Please join Lincoln Caplan for a discussion of his book American Justice 2016: The Political Supreme Court, on Tuesday, November 15, 2016, at 6:10- 7:00 PM, SLB 128. Commentary provided by Noah Messing ’00.
In his latest book “American Justice 2016: The Political Supreme Court” Lincoln Caplan looks at the Supreme Court’s work during the term that ended in June 2016, which he analyzes for signs of what he argues is the growing politicization of recent High Court decisions. While in theory the judiciary should be free of politics, Caplan argues that decisions including those on the 2000 presidential election, abortion, campaign finance law, and other issues reflect national political divisions. Caplan considers whether the ideal of an objective judiciary is realistic and, what politicization could mean for future cases involving divisive social and political questions.
When the Democrat-appointed Justice Ruth Bader Ginsburg criticized Republican presidential nominee Donald Trump, she triggered concerns about judicial ethics. But the political concerns were even more serious. The Supreme Court is supposed to be what Alexander Hamilton called “the least dangerous” branch of government, because it is the least political. Justices have lifetime appointments to ensure their “complete independence” when deciding cases and controversies. But in the Roberts Court’s most contested and important rulings, it has divided along partisan lines for the first time in American history: Republican presidents appointed the conservatives, Democrats appointed the liberals. Justice Ginsburg’s criticisms suggested that partisan politics drive the Court’s most profound disagreements. Well-respected political science supports that view.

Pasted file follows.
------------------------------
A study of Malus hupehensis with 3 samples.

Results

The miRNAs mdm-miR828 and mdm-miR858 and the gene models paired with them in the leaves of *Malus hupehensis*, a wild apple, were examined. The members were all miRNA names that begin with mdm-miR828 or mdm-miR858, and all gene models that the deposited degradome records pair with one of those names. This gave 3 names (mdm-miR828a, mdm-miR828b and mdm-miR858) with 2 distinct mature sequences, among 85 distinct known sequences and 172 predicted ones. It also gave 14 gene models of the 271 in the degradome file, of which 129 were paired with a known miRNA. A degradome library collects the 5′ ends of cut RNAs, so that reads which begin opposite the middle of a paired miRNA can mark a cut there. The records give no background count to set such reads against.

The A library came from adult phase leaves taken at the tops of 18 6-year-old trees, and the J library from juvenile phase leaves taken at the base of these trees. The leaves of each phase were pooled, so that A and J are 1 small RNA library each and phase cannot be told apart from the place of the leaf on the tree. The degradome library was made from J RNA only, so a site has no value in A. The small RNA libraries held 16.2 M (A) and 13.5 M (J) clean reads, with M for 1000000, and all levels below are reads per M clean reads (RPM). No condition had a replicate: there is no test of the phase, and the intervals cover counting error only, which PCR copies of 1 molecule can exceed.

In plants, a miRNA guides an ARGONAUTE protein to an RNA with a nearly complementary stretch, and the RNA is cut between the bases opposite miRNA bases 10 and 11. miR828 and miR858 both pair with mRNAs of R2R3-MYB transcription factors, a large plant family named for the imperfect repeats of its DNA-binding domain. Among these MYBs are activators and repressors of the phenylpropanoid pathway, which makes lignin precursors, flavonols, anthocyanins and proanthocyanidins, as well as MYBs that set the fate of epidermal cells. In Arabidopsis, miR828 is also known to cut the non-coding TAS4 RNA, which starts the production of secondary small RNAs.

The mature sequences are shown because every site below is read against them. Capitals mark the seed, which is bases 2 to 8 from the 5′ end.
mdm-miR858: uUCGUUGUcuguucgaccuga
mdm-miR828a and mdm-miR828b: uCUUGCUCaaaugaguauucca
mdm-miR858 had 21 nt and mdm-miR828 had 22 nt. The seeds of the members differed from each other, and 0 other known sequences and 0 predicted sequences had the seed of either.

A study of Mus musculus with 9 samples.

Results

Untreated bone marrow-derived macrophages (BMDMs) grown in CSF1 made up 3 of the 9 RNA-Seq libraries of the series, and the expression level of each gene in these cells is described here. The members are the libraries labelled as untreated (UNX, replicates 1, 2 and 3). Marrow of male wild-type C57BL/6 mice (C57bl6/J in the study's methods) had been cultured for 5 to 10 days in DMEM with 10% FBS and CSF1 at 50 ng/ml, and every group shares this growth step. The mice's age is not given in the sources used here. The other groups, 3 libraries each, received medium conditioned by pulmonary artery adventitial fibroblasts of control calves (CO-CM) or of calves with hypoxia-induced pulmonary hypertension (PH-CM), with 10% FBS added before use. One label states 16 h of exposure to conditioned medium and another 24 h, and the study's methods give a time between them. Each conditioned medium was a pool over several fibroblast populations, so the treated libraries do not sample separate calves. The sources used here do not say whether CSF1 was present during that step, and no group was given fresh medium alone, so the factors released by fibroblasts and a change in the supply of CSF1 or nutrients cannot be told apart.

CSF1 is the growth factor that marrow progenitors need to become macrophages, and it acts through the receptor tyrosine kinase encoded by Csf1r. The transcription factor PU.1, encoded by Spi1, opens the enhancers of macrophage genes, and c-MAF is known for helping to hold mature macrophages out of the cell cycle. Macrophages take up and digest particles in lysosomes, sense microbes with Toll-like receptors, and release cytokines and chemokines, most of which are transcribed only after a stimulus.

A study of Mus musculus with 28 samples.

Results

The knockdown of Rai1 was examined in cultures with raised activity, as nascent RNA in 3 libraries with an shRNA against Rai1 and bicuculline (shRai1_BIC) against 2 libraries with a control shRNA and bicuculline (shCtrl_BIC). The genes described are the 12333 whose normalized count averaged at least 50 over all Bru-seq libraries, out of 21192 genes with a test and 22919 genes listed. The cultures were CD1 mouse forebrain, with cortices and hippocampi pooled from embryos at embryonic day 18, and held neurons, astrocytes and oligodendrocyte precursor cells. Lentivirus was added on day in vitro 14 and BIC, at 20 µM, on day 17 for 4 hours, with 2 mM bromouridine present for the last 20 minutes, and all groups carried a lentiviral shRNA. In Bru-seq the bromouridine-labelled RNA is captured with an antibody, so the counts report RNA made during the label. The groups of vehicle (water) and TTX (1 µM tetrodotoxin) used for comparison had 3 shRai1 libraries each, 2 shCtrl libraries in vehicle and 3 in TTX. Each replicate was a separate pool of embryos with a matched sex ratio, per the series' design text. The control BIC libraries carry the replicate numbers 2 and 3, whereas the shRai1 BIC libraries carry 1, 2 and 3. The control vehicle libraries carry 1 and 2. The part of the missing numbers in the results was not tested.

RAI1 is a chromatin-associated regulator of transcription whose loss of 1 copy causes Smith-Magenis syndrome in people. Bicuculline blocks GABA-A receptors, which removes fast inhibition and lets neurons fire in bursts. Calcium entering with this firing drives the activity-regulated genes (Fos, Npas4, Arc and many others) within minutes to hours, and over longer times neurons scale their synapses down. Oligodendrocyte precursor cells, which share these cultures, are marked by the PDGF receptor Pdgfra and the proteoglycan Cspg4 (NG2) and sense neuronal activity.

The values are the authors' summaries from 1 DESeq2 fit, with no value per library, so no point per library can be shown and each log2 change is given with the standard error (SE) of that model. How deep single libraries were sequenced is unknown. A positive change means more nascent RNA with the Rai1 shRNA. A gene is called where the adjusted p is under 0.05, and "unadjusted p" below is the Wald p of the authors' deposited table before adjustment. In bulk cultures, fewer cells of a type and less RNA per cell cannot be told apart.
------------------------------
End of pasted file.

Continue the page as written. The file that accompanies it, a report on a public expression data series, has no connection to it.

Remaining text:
Has this partisan turn made the Court less independent and less trustworthy than the nation requires? The term ending in 2016 included more decisions and developments in almost fifty years for analyzing this question. Among them were major cases about abortion rights, the death penalty, immigration, and other wedge issues, as well as the death of Justice Antonin G. Scalia, leaving the Court evenly divided between conservatives and liberals. Legal journalist Lincoln Caplan dissects the recent term, puts it in historical context, and recommends ways to strengthen trust in the Supreme Court as the pinnacle of the American constitutional system.
Lincoln Caplan is a Senior Research Scholar and the Truman Capote Visiting Lecturer in Law at Yale Law School. He is author of The Tenth Justice: The Solicitor General and the Rule of Law; Skadden: Power, Money, and the Rise of a Legal Empire; Up Against the Law: Affirmative Action and the Supreme Court; and other books about legal affairs. He is a regular contributor to the New Yorker website, a member of the editorial board of the American Scholar, and a contributing editor of Harvard Magazine. He wrote about the Supreme Court as a member of the editorial board of the New York Times.
Noah Messing is Yale Law School’s Lecturer in the Practice of Law and Legal Writing. He graduated in 2000 from Yale Law School, where he was a Coker Fellow. While at Yale, he received the Benjamin Cardozo Prize and the Potter Stewart Prize in the Morris Tyler Moot Court of Appeals program; those prizes are awarded, respectively, for the year’s best moot court brief and to the team that wins the Spring semester moot court competition. Following graduation, Noah worked as a trial and appellate litigator in Washington D.C., as Counsel to Senator Hillary Rodham Clinton, and as Associate Counsel to the Hillary Clinton for President campaign.
Sponsored by the Lillian Goldman Law Library.